Isabella Bailey was admitted to mid Stafford hospital with a hiatus hernia. During her hospital stay her family became so concerned about standards of care on ward 11 they decided to keep watch over her 24 hours a day.
Isabella’s daughter, Julie Bailey has written about her mother’s stay in hospital and what happened to other patients on ward 11. Her book “From Ward to Whitehall” is a horrific personal account of neglect and abuse.
Reading it I found myself underlining, turning over page corners and sadly recognising some of things nurses do when they stop seeing the person in the bed.
These quotes give some insight into the scale of the problem:
On ward culture
“Each day there is unkindness because there are so many uncaring staff on this ward, the negativity feeding off itself and multiplying.”
On caring for confused patients
“Nurse Ratchet has moved Mavis, she has had a mattress placed in the corridor opposite the nurses’ station. Every time she gets out of bed she shouts at her, ‘Get back into bed!’ you can hear her hollering all the way down the corridor.”
“Every time a nurse came near her, she was terrified, terrified of the very people who should have been there to care for her.. .when the staff came near her she would dig her nails into my hand in fear.”
On raising concerns
“If you contact management you’ll just get us into trouble and that won’t help anybody,” she [nurse] tells me.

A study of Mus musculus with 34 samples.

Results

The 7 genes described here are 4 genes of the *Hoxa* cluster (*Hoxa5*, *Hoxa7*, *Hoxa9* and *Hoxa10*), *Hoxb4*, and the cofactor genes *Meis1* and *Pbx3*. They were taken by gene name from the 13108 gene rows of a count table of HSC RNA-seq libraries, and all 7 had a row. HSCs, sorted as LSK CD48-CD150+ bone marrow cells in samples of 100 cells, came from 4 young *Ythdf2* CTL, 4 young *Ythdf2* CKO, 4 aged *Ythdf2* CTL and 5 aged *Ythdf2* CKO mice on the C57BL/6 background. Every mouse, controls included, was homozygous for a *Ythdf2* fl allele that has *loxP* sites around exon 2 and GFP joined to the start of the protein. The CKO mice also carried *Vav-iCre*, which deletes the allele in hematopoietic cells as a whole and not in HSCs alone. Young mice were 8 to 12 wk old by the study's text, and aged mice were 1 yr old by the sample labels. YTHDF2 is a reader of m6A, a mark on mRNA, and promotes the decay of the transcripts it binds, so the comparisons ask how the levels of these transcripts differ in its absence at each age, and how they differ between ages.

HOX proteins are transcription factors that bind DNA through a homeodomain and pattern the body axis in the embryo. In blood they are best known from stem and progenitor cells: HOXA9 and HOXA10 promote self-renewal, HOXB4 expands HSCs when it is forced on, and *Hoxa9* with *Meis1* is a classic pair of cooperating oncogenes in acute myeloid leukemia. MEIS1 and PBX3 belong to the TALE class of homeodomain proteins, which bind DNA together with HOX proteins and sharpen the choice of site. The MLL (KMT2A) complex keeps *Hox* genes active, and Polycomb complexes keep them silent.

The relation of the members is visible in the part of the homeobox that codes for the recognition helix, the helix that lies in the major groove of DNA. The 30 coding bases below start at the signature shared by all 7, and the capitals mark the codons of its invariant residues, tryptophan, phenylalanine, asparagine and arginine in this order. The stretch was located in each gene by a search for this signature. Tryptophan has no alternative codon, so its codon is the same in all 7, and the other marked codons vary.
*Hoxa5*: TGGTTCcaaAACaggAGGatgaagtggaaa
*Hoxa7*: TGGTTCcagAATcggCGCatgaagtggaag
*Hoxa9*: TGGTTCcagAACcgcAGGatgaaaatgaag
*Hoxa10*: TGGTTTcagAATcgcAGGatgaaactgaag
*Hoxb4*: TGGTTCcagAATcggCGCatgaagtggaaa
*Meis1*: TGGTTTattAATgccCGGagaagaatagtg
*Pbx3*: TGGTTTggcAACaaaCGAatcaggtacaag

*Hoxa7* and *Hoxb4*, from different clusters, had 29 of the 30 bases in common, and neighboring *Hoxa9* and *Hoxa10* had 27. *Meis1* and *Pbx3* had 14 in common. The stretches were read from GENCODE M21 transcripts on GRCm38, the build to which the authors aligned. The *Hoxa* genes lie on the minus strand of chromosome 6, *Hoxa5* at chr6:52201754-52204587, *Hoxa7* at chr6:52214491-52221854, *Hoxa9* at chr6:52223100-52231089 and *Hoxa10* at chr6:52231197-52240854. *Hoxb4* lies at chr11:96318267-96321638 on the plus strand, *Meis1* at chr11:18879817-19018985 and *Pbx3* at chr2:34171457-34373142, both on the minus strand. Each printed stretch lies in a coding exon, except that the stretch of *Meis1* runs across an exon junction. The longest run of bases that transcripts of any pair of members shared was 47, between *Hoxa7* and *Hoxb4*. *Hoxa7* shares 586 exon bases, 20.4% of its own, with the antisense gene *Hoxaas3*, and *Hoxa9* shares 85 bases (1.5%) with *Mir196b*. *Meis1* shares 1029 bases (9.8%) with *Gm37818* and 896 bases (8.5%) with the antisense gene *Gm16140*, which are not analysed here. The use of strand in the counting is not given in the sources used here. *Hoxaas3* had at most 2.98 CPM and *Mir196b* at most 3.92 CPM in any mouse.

“The woman in the isolation room wasn’t the only patient I saw drinking out of the flower vases that were piled up along the main corridor.”
“Sitting watching them [patients] claw at their food was heartbreaking… The ward was so starved of staff it was impossible to manage a ward and care for all those patients.”
On personal care
“Without further ado the bowl is emptied and Mavis hasn’t had a wash since at least Thursday, despite being covered in faeces. I’m surprised as they must have smelt her, as we have all weekend.”
“You rarely get eye contact with any of the staff, they could just walk straight past you, without any form of acknowledgement. You can stand at the nurses’ station for minutes without any of the staff even raising their eyes.”
On good nurses
“20% of the staff are lovely, absolute gems in this uncaring environment. Their presence can light up a room… I realise that their presence calms the ward, even the confused patients are less agitated when they are on duty, they respond to their kindness. The problem is because there are three different shifts a day and very few caring staff, a kind word is rare.”
So tomorrow the Francis report is published. This inquiry happened because patients suffered and died due to lack of care in a health system that no longer saw care as its primary function. As a profession we have to gather the strength and confidence to ensure this never happens again – and ensure that patients and their families can feel confident when they are admitted into our care.